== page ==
Pandemic could lead to pandemonium on offensive lines
Published 4:08 pm Monday, September 7, 2020
By BARRY WILNER
AP Pro Football Writer
The coronavirus pandemic could lead to pandemonium on offensive lines throughout the NFL.
With no on-field offseason programs, no preseason games, no extensive hitting in training camps, chaos rather than cohesion could be the truism for blockers.
Don’t think for a minute that won’t affect even the best offenses.
“As you watch the linemen in particular, their pad level starts out high, their fits on their blocks are not as tight, the timing of how the combination block occurs going onto the second level’s inconsistent,” says new Cowboys coach Mike McCarthy. “But as you go through camp, those things start to tighten up and you get the proper fits.”
Hopefully. But offensive lines are built on continuity and communication as much as skill and power.
Teams such as the Jets, who have redone their blocking unit with more talented players rather than holdovers, would be gambling even in normal times. Of course, 2020 is anything but normal.
“We’re doing everything we can to build that chemistry whether we’re on the field, getting after it, competing against one another,” Jets left guard Alex Lewis said.
Lewis came in a trade with Baltimore last year and started 12 games, so he’s among the senior offensive lineman in New York.
“We’ve got group chats going on with each other to joke around and build that chemistry up. We’re talking through the playbook with each other after the runs in the locker room and quizzing each other, just pushing one another. That’s the best way you can build chemistry right now.”
The Jets are the fourth team since 2010 to have five different starters in Week 1 from the five that started the opener in the previous season. Lewis ended last year as the starter, but was a backup to Kelechi Osemele when 2019 began.
Nothing helps more than experience together, something the Jaguars have. Those common ties, though, fade away if the players aren’t diligent about their craft.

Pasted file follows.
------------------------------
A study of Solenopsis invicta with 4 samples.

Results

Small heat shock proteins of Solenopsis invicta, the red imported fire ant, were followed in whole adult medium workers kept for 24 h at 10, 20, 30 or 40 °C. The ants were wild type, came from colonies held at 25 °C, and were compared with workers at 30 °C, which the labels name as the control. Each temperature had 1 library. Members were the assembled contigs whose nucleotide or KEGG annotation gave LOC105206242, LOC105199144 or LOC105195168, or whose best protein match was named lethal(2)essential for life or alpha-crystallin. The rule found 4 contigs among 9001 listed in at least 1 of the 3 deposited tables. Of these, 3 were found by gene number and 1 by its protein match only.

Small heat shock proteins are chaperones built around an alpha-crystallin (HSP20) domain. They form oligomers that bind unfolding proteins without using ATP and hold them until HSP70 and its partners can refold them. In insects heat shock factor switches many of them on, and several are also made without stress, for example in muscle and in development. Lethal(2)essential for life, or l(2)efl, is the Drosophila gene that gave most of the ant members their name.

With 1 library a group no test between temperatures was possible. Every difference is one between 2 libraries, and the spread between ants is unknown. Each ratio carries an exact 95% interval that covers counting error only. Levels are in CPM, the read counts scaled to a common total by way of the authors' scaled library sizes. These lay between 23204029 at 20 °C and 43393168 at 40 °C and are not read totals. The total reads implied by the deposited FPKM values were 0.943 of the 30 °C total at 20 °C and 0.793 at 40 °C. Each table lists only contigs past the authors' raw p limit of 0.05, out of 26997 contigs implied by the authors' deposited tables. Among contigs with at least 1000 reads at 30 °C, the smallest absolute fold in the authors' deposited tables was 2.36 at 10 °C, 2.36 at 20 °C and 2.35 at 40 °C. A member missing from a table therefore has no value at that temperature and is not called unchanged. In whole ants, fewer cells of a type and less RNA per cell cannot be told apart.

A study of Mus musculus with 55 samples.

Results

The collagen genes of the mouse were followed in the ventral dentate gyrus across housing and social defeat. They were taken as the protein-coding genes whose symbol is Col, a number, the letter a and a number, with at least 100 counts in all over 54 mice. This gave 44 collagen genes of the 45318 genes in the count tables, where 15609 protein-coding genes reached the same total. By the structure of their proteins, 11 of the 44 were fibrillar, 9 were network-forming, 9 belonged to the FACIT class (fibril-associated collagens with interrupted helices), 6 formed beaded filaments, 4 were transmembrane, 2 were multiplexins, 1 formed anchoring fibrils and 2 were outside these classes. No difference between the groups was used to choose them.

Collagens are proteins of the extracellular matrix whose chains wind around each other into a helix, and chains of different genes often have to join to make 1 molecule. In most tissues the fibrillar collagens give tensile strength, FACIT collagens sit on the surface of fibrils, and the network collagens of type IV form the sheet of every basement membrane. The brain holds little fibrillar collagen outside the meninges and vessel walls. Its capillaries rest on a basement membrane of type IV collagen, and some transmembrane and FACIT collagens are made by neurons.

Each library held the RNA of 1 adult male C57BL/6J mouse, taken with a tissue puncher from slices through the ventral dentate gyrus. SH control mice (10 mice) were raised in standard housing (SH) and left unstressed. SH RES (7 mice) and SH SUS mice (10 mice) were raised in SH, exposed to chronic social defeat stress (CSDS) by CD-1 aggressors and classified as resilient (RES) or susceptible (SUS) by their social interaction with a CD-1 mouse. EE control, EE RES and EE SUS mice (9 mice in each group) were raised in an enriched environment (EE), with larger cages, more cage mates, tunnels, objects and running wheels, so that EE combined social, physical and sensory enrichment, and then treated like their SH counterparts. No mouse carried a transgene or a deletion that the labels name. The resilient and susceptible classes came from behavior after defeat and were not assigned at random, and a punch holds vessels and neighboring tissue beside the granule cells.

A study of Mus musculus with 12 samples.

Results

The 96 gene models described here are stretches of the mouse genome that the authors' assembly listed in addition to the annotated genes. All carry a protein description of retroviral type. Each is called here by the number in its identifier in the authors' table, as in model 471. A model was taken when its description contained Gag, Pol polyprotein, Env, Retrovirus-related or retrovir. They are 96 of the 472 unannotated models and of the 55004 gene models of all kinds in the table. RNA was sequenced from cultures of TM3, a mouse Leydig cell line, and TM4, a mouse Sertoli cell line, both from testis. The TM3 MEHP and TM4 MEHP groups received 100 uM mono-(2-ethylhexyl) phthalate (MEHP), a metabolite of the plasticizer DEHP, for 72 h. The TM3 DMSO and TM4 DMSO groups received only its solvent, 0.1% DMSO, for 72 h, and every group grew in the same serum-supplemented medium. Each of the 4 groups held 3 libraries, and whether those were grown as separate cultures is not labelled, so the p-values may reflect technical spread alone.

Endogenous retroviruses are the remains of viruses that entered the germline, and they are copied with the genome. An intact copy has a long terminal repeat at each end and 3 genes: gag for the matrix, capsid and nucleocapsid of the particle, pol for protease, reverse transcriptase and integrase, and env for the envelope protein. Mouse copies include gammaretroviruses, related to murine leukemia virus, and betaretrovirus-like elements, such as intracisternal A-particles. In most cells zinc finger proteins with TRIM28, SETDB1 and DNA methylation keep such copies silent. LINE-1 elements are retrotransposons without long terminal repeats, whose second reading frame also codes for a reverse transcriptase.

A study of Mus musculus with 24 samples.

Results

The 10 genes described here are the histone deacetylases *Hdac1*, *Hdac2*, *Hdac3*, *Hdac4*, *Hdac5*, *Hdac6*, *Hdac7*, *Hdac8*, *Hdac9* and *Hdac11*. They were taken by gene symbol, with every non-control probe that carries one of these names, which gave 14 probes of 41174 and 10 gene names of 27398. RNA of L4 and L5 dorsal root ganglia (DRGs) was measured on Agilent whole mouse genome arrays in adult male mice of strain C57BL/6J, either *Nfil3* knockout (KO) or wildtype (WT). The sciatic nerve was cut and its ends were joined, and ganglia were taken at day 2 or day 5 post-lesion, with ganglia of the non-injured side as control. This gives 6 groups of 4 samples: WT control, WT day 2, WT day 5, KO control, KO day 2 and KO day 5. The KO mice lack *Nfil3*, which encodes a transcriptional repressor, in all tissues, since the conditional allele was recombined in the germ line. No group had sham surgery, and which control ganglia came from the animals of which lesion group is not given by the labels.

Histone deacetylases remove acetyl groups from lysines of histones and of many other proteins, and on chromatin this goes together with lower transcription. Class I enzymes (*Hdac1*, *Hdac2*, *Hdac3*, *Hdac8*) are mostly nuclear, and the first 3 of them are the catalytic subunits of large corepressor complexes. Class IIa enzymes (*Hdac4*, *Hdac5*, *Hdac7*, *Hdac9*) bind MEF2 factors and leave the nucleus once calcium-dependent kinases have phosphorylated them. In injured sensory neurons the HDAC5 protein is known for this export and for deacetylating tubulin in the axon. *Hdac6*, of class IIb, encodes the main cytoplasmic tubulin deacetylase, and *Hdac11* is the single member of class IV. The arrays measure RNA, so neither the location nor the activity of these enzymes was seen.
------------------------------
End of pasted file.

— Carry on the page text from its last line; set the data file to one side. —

“You know, that’s interesting because the thing about this offseason, all of the pressure was on the individual player in terms of how he returned,” said Jacksonville offensive line coach George Warhop.
“They didn’t have Milo (strength and conditioning coordinator Tom Myslinski) in the weight room to monitor them, they weren’t around us to be monitored. So, it was going to be a direct indication of what their commitment was to how they wanted to come back, and there was nobody else responsible for it but themselves.
“That was made very clear in our encounters and our meetings, that ‘Hey listen, when you come back here, if you’re not in shape, this is going to fall on your shoulders, nobody else’s.’ And those guys listened to that and they all worked.”
Working hard should be a given for any professional athlete. So is being in top physical condition.
The mental part of the game, well, that can be particularly challenging for veterans and newbies.
Consider that a bunch of rookies figures to be starters on offensive lines across the league, including first-round draft picks Andrew Thomas (Giants), Mekhi Becton (Jets), Jedrick Wills (Browns), Austin Jackson (Dolphins), Cesar Ruiz (Saints), and Tristan Wirfs (Buccaneers).
Do they “speak football,” as Jets guard Greg Van Roten says?
“Thankfully, we are all veterans and we’ve all played football before, so it’s not our first time on the field,” he says, ignoring Mecton’s huge presence.
“It’s just going to be our first time next to each other. So the biggest challenge when you have a new group like that is that we all speak football, but we might call things by different names. So we’ve just got to get on the same page with our communication if we want to be effective and hit the ground running fast. So there’s going to be a learning curve, but I don’t think it will be this insurmountable obstacle that we can’t figure out.”
With all the obstacles NFL players have faced just getting this far, maybe togetherness in the trenches isn’t such a major consideration. At least until everyone looks around to see quarterbacks consistently getting sacked.
AP Pro Football Writers Dennis Waszak Jr., Mark Long and Schuyler Dixon contributed.